Selecting the best model for improving forecasting performance
27 August 2013
27 August 2013
A major issue in forecasting is the selection of an appropriate model. Practitioners and forecasters regularly face this problem, having to choose a priori the best model from a set of alternatives. This becomes even more interesting, given that if the selection was to be done perfectly then the gains would be substantial (25-30% improvement in forecasting performance).
Moreover, given that in many modern organisations some thousands of different products are usually stocked and forecasted perhaps daily, efficient model selection requires automatic solutions.
Researchers at the Lancaster Centre for Forecasting are continuously exploring the problem of model selection for improving the forecasting performance and designing efficient automatic algorithms.
Recently, two different approaches for model selection were contrasted. The first approach examines the application of the same model across a number of series (aggregate selection). This approach has the benefit of simplicity. The second approach refers to the individual (per series) selection of the best model. Even if this implies increased complexity in the forecasting process, it is intuitively more appealing. Selection of appropriate models focused primarily on the naïve principle (what has forecast the most accurately, will forecast the most accurately on the out-of-sample data).
The study provides useful insights for the practitioner with regards to when to use each approach, with accuracy improvements being as high as 11.4% and 7.7% for unpredictable and unstable series respectively, compared to the performance of Damped Exponential Smoothing. Evidence suggests that the forecaster should include around five unrelated methods in the set to be considered. A case study on a real company data set confirmed the empirical results.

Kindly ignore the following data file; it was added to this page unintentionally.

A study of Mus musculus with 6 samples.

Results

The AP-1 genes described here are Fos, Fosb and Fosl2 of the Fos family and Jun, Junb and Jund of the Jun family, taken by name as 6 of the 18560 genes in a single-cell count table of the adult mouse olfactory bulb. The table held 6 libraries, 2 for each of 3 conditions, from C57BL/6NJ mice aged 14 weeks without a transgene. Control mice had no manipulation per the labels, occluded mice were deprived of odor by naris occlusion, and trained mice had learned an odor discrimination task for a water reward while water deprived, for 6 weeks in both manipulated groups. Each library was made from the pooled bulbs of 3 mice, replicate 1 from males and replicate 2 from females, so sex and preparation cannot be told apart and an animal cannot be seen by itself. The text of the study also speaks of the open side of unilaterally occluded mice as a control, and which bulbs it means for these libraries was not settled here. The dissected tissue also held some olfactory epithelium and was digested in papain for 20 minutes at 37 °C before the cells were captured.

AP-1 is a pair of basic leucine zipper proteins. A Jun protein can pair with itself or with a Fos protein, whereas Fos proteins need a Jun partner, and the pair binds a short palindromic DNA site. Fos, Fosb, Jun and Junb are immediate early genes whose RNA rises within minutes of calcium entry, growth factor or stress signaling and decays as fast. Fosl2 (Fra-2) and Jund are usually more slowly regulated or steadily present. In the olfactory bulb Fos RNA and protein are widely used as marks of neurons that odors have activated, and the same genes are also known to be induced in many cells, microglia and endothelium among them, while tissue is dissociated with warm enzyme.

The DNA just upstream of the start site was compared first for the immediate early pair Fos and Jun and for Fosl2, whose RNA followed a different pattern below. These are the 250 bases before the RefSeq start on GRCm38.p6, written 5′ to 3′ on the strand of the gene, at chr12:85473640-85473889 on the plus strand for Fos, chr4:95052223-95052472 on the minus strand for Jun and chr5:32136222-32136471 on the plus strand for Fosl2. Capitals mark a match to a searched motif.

A separate stream of research explored filters (ex ante pre-modelling) and wrappers (ex post evaluation of all possible models) for model selection. Both approaches demonstrated significantly better performance compared to aggregate selection, with wrappers being more efficient. Most importantly, an add-on to SAP APO-DP has been developed, complete with superior graphical analysis and informative messages. This automatic solution consistently improves forecasting performance across various products categories, while significantly reducing time spent. This add-on allows for customisation to the organisation’s data.
If you would like to know more about the research of LCF in the area of model selection please contact Professor Robert Fildes, Dr Sven F Crone or Dr Fotios Petropoulos. The Centre is always keen to embark on new collaborations with organisations and industrial partners.